What Do You Do?
I make the point a lot that we need to ditch our society’s obsession with equating a person’s value with the work they do (that is, with their “busy work” as Aaron Swartz delightfully put it). Usually the context is a discussion of basic income, or of unlocking human creative potential.
But the problem is a more urgent one than these contexts would suggest.
Changing the conversation about work is about society’s goals. But it is about much more than that. It is about what we value. It is about who we are. It is about how I see you and how you see me. Ultimately it is a comment about a colossal existential crisis of confidence. It is about saying “I see you as having no intrinsic value, and I see myself in the same way.”
It is no wonder we are speeding off the cliff faster than James Dean driving the chicken run in Rebel Without a Cause.
In the last 24 hours I have seen two wonderful creative friends agonise because they don’t know how to handle the question “What do you do for a living?”
And they are right to agonise. Not because there is anything to be ashamed about in being creative, but because the fact such a question exists; because it exists in the context of placing someone in your value matrix; because it is considered in any way a useful way of assessing another human being — because those things should make us furious.
“But isn’t it just small talk?” Yes, that’s the point. Our small talk is the manifestation of those values that are so self-evident as to be placed beyond question. It is precisely because the questioning of anything that finds itself protected by the small-talk label is absurd, pedantic, killjoyish that it tells us so much.
And what we put there is the fundamental notion that at base a human being is measured by their contribution, their utility. Much of the debate around basic income focuses on the importance of freeing us from “busy work” to do “work that matters”. But at a basic level even that misses the point. Our value as human beings is in no way connected to the contribution we make.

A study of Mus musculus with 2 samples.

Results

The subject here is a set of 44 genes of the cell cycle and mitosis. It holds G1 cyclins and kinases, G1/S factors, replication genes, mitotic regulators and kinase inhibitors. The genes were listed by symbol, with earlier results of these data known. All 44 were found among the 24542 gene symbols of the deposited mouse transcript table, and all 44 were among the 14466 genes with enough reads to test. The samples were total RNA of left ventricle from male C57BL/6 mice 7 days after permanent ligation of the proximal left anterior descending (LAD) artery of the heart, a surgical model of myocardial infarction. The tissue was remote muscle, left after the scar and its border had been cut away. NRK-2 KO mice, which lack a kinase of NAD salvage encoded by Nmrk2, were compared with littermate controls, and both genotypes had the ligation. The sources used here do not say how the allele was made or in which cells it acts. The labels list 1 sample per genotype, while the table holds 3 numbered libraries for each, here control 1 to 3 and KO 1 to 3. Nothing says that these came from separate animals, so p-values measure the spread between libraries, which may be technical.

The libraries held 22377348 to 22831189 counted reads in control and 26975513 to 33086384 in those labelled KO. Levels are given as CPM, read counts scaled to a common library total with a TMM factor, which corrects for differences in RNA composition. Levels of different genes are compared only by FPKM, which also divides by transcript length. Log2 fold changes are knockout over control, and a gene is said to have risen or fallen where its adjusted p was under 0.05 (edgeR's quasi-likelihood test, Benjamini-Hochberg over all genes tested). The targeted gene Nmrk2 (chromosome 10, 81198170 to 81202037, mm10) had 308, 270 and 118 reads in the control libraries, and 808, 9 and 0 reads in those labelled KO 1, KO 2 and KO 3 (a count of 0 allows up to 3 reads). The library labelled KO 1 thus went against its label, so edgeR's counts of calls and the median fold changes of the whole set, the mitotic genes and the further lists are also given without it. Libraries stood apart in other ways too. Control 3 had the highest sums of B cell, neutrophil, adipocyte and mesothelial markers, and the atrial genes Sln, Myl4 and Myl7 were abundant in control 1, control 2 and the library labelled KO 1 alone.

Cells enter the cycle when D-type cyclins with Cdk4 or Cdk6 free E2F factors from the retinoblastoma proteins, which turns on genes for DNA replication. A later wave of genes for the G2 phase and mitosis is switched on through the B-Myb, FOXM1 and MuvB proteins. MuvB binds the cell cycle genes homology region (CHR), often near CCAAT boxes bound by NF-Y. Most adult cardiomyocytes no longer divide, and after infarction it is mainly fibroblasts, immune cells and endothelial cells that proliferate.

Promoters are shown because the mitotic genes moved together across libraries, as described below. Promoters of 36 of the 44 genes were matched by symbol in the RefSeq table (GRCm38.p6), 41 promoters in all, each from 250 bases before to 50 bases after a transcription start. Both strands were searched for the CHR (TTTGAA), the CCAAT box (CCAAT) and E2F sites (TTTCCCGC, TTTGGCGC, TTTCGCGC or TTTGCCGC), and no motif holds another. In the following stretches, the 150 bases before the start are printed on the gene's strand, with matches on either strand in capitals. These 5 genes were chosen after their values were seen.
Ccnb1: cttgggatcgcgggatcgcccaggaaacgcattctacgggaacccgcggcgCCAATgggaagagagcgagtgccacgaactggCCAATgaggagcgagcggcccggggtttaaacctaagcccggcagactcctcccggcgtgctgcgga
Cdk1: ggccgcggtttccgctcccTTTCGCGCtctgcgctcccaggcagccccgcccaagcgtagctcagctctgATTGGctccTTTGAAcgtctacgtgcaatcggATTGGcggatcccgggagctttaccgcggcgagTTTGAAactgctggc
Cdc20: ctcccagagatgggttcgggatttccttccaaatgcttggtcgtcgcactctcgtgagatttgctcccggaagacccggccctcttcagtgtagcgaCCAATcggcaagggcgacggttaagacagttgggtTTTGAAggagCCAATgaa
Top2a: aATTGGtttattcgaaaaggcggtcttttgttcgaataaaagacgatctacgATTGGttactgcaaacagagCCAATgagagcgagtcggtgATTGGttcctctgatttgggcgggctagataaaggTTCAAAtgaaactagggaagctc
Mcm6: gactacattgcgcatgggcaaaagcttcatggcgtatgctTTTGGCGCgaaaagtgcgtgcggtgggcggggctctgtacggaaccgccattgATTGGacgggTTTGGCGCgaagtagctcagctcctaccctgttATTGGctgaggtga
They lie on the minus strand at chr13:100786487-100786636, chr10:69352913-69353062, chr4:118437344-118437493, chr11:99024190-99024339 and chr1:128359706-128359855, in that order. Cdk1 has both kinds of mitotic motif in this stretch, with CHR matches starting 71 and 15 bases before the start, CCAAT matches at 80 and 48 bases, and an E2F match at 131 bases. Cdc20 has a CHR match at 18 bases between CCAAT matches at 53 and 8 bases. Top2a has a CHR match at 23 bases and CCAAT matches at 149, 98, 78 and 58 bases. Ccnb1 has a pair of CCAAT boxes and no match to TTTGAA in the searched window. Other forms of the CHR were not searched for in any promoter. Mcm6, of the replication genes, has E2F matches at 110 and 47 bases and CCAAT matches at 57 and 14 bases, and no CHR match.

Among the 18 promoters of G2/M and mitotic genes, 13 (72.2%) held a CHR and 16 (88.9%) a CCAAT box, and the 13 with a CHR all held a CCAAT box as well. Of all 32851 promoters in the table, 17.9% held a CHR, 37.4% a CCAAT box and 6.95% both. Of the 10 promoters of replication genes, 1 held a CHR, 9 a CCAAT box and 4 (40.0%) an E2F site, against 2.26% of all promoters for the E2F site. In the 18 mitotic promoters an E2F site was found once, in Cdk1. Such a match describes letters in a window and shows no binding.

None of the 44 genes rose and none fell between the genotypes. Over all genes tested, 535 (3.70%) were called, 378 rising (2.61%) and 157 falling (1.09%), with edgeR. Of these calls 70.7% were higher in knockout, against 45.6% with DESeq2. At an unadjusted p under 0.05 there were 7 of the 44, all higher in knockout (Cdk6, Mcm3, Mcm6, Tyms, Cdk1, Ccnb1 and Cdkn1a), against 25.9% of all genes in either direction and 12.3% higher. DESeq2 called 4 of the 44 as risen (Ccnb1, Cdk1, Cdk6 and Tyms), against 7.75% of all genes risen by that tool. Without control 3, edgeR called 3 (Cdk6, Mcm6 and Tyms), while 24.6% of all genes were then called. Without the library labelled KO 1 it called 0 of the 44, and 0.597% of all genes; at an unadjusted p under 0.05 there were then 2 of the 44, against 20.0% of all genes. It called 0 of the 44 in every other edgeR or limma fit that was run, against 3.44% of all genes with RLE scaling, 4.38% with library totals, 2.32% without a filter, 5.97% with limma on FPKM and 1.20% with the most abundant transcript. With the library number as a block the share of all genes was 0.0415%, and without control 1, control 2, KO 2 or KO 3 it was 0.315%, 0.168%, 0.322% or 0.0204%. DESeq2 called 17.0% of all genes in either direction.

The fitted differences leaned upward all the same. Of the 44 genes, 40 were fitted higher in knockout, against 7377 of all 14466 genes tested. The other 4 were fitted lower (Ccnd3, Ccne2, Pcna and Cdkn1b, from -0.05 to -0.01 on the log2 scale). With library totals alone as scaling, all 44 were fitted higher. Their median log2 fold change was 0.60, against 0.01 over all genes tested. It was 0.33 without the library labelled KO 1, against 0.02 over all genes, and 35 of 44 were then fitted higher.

What we do to people, how we treat them in our day to day, social, and political lives may be the result of reflections upon what they do. For example, even the staunchest valuer of the human spirit may want to protect the world from the damage caused by someone who dedicates themselves to harm; and even the most person-centred political activist may want to say a definitive no to an ideology they perceive to be toxic, regardless of the consequences for those who hold it.
But those things are reflections. They are second steps. They are what comes *after* the unconscious first movement in our relationships, the movement that enacts itself as “hello, I love you.” Our debate, our dark nights of the soul concern themselves with such second steps. Our small talk embodies our first step. And so long as our small talk is “So, what do you do for a living?” that first step is not “hello, I love you” but “hello, what can you do for me?”
And that just won’t do.
In 99% of our life, of course, we do not notice such subtleties. Practically speaking, our interactions may change very little by considering where we start when we think of others. But 1. if we are going to get the future right, then it has to matter, we have to strip things right back and start in the right place; and 2. it shouldn’t matter. Valuing someone “just because” is the right place to start. Wherever you then go from there.